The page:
In a new analysis after the military coup, United Nations economists predicted today that Thailand’s gross domestic product (GDP) growth could reach 4.7 per cent next year if the new government maintains political stability, but would only reach 3.1 per cent in the case of instability.
“In our ‘best-case scenario,’ we expect public spending to increase under the new interim government and play a key role in boosting GDP growth,” UN Economic and Social Commission for Asia and the Pacific (UNESCAP) Executive Secretary Kim Hak-Su said.
“Thailand’s macroeconomic fundamentals remain strong. We expect growth to be robust at 4.5 per cent this year. Exports are strong and inflation is falling. The relatively flexible exchange rate regime and high foreign exchange reserves have contributed to these good outcomes,” he added.
As of today UNESCAP economists see no significant impact on the economy from the 19 September coup which toppled the Thaksin government. They note that the Thai stock market remains steady, the Thai baht is stable, and contagion to other regional markets is limited.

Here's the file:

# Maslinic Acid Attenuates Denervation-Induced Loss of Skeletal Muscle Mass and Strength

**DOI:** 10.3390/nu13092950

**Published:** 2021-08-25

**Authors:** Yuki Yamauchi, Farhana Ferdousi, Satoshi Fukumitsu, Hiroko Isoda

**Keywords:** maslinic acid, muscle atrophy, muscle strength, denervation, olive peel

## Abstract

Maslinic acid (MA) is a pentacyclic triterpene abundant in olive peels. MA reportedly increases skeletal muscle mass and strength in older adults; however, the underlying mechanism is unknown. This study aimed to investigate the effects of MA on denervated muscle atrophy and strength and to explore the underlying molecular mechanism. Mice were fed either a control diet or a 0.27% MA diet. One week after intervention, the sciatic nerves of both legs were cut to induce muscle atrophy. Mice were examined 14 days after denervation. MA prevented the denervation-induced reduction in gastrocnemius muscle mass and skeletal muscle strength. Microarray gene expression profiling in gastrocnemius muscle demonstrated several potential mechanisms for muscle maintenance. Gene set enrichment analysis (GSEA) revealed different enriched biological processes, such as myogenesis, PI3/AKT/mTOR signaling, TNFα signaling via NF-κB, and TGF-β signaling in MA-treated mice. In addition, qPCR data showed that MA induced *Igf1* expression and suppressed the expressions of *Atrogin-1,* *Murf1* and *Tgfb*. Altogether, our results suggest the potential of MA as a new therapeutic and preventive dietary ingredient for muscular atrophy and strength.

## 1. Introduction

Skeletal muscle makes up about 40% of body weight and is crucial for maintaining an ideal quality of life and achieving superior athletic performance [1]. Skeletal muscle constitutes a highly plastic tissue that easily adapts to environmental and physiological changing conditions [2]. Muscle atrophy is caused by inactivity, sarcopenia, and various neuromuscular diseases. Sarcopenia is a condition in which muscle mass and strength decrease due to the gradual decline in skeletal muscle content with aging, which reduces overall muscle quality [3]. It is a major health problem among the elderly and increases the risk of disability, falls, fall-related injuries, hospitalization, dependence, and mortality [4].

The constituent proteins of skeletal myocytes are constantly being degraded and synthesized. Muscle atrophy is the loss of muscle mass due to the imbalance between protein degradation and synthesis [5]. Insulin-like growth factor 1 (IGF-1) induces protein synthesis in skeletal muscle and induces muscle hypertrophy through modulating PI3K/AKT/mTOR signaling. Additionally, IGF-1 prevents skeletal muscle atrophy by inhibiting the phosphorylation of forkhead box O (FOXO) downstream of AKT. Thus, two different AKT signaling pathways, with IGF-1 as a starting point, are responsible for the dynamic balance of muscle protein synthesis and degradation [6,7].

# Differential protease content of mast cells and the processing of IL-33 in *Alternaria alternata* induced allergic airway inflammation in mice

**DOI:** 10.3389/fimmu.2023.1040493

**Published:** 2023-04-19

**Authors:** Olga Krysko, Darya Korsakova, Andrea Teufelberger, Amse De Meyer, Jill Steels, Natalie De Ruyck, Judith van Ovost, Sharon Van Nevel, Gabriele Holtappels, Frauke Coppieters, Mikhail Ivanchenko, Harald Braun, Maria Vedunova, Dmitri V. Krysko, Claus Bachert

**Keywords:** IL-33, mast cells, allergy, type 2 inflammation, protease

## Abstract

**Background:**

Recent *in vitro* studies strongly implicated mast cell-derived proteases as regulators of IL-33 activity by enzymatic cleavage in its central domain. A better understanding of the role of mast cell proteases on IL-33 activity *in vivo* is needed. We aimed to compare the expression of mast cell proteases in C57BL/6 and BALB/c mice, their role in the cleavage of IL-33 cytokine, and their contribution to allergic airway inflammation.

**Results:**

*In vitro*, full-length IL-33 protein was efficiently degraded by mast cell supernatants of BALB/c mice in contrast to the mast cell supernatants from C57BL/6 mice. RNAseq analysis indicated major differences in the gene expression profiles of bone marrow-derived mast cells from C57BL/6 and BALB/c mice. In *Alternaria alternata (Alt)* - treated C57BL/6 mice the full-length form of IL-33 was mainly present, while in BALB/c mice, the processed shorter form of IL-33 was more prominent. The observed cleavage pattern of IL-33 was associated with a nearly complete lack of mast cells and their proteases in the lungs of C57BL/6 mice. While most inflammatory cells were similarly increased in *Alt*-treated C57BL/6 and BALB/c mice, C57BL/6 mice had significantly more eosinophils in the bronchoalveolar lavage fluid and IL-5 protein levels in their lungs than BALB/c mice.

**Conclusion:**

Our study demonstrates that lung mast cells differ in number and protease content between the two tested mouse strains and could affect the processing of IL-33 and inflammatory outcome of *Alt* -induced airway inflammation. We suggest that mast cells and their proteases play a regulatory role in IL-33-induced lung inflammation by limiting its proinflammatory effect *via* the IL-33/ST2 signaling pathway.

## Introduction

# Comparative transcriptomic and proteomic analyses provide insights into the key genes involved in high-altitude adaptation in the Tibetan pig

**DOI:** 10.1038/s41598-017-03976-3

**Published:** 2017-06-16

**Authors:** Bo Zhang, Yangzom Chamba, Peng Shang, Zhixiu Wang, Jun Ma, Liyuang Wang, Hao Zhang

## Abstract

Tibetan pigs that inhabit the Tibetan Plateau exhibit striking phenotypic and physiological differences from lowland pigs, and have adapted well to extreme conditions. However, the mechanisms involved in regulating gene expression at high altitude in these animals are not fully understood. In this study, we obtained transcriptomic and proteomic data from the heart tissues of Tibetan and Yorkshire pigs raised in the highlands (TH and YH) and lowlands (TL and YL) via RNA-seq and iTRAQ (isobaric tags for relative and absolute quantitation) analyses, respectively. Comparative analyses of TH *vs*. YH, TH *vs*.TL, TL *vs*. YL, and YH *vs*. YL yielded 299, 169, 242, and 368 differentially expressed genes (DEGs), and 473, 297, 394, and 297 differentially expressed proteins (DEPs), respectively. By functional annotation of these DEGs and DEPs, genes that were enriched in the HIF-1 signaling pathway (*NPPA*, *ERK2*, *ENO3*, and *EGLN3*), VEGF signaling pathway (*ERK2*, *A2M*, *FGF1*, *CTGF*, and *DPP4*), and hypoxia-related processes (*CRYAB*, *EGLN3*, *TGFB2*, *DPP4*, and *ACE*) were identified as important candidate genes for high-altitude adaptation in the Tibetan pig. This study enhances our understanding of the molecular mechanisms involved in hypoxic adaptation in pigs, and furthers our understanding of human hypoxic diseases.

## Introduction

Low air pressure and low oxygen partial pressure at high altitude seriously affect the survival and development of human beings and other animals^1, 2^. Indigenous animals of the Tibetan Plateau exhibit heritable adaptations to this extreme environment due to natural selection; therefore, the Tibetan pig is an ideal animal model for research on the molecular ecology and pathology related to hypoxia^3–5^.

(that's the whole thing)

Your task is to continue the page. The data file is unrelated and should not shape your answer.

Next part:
But although the macroeconomic forecast remains favourable, uncertainty remains for the Thai economy’s short-term outlook. Under a ‘worse-case scenario’ of political instability, UNESCAP predicts that in 2007 economic growth could fall to 3.1 per cent, with inflation increasing to almost 10 per cent. The baht would depreciate by more than 20 per cent, reaching almost 46 baht for $1.
“The next few months will be closely watched by investors,” Mr Kim said. “The interim government will have a heavy responsibility to maintain economic stability and investor confidence in the economy. In the short-term the new administration will need to outline policies regarding the investment climate, especially macroeconomic policies and economic governance measures.
“It will be very important for the new interim government to provide timely clarification on government spending, particularly on the infrastructure investment component of the fiscal budget,” he added.